Saturday, March 12, 2016

Semi-Weighted Piano Keys vs. Weighted


Weighted keys add an element of realism to digital pianos.

When choosing a digital piano, you will come across the options of semi-weighted and weighted keyboards. Both types of keyboards have special characteristics that make a difference in sound when you play your piano. Deciding which style is right for you will help you make a decision on the appropriate piano to purchase.


Weighted keys are designed to imitate the feel and heaviness of an acoustic piano's keys. Semi-weighted keys weigh less than weighted keys. The difference in weight depends largely on the manufacturer. An advantage of semi-weighted keyboards is that the total weight of the keyboard is reduced. This is an important consideration for keyboardists who perform on the road and have to travel a lot.
Key Pressure

The pressure applied to weighted keys comes very close to the pressure required on an actual piano. For a pianist who plans to practice on a digital piano and then perform professionally, a weighted keyboard will more accurately replicate the tones of a piano with hammers and strings. Semi-weighted keys may present problems for pianists who are used to resting their hands lightly on a regular piano keyboard. When the weight is reduced, the keys are more easily depressed, making it easier to accidentally hit a wrong key.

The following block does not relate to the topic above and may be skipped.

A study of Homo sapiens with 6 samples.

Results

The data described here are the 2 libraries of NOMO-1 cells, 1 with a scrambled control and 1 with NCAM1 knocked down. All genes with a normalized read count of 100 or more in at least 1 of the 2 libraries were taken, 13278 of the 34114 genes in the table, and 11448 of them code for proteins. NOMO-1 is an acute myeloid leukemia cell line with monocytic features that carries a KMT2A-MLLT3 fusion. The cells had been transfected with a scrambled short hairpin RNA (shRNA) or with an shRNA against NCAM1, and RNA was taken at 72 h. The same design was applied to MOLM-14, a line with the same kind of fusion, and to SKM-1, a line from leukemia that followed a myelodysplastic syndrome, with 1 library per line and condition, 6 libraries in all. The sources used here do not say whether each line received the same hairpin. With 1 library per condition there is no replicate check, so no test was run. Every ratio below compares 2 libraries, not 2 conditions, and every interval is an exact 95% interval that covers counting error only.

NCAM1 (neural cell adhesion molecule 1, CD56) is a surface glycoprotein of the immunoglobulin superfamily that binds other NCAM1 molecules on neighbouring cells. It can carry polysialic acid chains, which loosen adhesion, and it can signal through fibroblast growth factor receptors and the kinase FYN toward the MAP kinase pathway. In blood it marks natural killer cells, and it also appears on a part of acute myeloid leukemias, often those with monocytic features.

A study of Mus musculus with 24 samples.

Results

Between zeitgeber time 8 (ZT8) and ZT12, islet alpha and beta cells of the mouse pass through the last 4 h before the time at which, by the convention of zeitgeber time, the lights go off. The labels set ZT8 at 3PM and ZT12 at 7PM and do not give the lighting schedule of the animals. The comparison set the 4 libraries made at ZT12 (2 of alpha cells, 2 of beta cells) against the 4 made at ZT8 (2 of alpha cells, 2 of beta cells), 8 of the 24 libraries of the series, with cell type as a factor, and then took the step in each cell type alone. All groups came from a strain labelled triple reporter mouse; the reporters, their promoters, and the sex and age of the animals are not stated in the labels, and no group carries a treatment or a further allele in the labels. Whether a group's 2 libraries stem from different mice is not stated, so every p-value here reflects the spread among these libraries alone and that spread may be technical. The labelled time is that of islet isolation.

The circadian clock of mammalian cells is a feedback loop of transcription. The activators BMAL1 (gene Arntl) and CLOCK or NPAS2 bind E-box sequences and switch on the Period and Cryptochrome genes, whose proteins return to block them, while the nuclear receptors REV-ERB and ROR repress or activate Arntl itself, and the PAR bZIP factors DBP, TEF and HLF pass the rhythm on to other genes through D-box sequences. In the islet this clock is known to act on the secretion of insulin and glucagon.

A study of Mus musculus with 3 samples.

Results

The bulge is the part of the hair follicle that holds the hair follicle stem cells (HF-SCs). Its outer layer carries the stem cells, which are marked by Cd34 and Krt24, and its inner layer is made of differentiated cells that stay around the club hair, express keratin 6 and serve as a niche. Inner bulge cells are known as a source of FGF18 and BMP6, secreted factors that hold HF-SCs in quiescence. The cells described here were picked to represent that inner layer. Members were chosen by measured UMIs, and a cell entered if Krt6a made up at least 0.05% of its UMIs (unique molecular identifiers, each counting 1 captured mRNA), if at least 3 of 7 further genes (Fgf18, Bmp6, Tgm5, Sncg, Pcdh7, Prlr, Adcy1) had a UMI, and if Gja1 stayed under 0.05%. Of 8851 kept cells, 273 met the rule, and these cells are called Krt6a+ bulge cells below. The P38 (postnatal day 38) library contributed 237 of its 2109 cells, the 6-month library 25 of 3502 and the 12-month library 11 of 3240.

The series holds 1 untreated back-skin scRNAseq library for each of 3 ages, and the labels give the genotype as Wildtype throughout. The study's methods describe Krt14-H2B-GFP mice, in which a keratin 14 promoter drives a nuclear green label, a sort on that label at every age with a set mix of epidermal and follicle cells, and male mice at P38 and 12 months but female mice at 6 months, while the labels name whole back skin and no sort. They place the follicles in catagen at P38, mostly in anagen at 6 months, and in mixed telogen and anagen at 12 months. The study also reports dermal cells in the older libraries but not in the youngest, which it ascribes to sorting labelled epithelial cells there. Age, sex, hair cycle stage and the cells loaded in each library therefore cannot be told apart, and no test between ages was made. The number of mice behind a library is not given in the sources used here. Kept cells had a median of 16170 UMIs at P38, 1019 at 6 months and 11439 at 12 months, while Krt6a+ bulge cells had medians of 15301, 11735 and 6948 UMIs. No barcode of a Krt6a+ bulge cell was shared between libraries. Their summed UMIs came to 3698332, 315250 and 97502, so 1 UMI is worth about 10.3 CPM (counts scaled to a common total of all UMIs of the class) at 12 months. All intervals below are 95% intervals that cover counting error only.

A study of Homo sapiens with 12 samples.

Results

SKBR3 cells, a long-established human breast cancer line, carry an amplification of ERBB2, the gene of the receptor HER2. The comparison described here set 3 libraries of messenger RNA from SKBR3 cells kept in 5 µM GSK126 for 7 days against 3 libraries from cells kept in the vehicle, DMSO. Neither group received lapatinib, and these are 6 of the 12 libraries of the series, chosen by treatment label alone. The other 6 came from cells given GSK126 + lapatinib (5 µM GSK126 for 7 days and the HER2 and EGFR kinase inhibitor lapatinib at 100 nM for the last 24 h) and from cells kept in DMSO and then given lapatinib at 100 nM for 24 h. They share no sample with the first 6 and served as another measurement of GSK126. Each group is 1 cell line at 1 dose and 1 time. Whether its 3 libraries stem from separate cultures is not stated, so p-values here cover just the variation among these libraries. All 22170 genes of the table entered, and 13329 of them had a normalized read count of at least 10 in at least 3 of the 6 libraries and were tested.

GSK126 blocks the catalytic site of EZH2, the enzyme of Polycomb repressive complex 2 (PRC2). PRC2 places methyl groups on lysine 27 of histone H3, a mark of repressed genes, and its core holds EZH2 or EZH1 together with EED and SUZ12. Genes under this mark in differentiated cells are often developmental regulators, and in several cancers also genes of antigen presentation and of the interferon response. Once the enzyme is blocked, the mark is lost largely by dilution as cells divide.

Weighted and semi-weighted keyboards generally have the same dynamic range. However, when a key is fully weighted, it offers resistance to the fingers that makes it possible to create subtle dynamic changes. A semi-weighted keyboard offers less resistance, which makes it harder to push down on a key slowly to create a specific sound. The sensitive finger control required to keep from depressing the keys too harshly and quickly on a semi-weighted keyboard can be learned.

Realism in Weighted Keys

Overall, weighted keyboards will feel more realistic to a pianist than the semi-weighted keyboards. Although a professional must be prepared to play any piano available, playing on a piano that most resembles a concert piano is the best choice. Beginners should use weighted pianos to help them develop strength and finger independence. Starting on a semi-weighted keyboard gives a false expectation of what playing an actual piano feels like.


Manufacturing a weighted keyboard costs more than building a semi-weighted keyboard. For this reason, weighted will typically be more expensive. If the semi-weighted keyboard has additional MIDI inputs to connect to recording devices or hardware to aid in recording and playback of your music, semi-weighted might cost more than a weighted keyboard. When all other features are equal, however, weighted keyboards will almost always be more expensive.